Hydrol. Earth Syst. Sci., 18, 1225–1237, 2014
https://doi.org/10.5194/hess-18-1225-2014
© Author(s) 2014. This work is distributed under
the Creative Commons Attribution 3.0 License.
Hydrol. Earth Syst. Sci., 18, 1225–1237, 2014
https://doi.org/10.5194/hess-18-1225-2014
© Author(s) 2014. This work is distributed under
the Creative Commons Attribution 3.0 License.

Research article 28 Mar 2014

Research article | 28 Mar 2014

Challenges in modelling river flow and ice regime on the Ningxia–Inner Mongolia reach of the Yellow River, China

C. Fu1, I. Popescu2, C. Wang2,4, A. E. Mynett2,3, and F. Zhang5 C. Fu et al.
  • 1NARI Group Corporation, water conservancy and hydropower technology branch company, Nanjing 211000, China
  • 2UNESCO-IHE, Institute for Water Education, 2601DA, Delft, the Netherlands
  • 3Delft University of Technology, Faculty of CiTG, 2600GA, Delft, the Netherlands
  • 4Hydrology Bureau, Yellow River Conservancy Commission, Zhengzhou 450004, China
  • 5Yellow River Institute of Hydraulic Research, Zhengzhou 450003, China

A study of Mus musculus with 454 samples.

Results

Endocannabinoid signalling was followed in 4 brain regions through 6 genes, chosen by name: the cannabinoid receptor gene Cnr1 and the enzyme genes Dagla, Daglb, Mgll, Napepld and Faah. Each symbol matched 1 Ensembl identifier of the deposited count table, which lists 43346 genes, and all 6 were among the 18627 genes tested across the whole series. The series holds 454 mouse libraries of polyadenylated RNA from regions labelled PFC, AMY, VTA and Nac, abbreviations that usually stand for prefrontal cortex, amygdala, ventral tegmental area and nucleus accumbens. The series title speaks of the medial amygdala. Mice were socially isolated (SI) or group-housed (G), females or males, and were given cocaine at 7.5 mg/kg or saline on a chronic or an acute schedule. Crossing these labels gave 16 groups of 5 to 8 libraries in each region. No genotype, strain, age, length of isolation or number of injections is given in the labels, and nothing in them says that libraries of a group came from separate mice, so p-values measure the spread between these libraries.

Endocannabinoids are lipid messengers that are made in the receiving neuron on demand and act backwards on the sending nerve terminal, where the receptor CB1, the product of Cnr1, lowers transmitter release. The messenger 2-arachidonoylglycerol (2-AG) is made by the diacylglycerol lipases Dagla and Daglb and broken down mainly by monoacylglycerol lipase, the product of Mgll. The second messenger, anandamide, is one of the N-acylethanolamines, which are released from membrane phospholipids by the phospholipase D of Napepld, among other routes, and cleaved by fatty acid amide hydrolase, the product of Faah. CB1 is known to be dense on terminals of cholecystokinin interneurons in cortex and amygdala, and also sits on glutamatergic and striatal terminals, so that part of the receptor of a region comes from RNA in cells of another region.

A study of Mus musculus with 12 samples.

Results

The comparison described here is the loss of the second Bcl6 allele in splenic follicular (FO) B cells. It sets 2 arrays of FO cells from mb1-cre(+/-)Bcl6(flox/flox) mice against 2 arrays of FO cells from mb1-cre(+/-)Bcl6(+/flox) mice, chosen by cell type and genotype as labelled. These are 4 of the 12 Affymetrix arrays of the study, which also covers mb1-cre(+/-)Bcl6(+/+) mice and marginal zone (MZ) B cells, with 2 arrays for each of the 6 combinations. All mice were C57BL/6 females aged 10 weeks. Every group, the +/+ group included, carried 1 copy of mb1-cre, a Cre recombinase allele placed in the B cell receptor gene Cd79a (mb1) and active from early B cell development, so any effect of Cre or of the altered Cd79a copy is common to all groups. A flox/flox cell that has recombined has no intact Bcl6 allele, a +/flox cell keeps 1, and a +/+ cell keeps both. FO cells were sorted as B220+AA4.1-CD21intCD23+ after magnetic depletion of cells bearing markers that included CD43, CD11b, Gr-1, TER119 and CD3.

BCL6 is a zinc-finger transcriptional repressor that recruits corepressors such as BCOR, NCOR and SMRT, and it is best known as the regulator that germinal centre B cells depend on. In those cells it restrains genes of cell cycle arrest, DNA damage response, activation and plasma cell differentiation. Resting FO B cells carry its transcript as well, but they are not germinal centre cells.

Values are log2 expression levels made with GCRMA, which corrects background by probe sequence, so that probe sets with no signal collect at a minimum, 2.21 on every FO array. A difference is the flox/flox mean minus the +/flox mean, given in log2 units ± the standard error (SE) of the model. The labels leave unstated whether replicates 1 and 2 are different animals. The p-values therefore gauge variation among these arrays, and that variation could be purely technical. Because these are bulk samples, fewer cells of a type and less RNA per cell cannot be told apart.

Abstract. During winter the Yellow River in China is frequently subjected to ice flood disasters. Possible dike breaking due to ice floods poses a serious threat to the part of the region located along the river, in particular the Ning–Meng reach (including Ningxia Hui and the Inner Mongolia autonomous regions). Due to its special geographical location and river flow direction, the ice dams and jams lead to dike breaking and overtopping on the embankment, which has resulted in huge casualties and property losses throughout history. Therefore, there is a growing need to develop capability in forecasting and analysing river ice floods. Research into ice floods along the river is taking place at the Yellow River Conservancy Commission (YRCC). A numerical model is one of the essential parts of the current research going on at the YRCC, which can be used to supplement the inadequacies in the field and lab studies which are being carried out to help understand the physical processes of river ice on the Yellow River. Based on the available data about the Ning–Meng reach of the Yellow River, the YRCC river ice dynamic model (YRIDM) has been tested for capabilities to conduct ice flood forecasting. The YRIDM can be applied to simulate water level, discharge, water temperature, and ice cover thickness under unsteady-state conditions. Different scenarios were designed to explore the model uncertainty for two bounds (5 and 95%) and probability distribution. The YRIDM is an unsteady-state flow model that can show the basic regular pattern of ice floods; hence it can be used as an important tool to support decision making. The recommendation is that data and research should be continued in order to support the model and to measure improvements.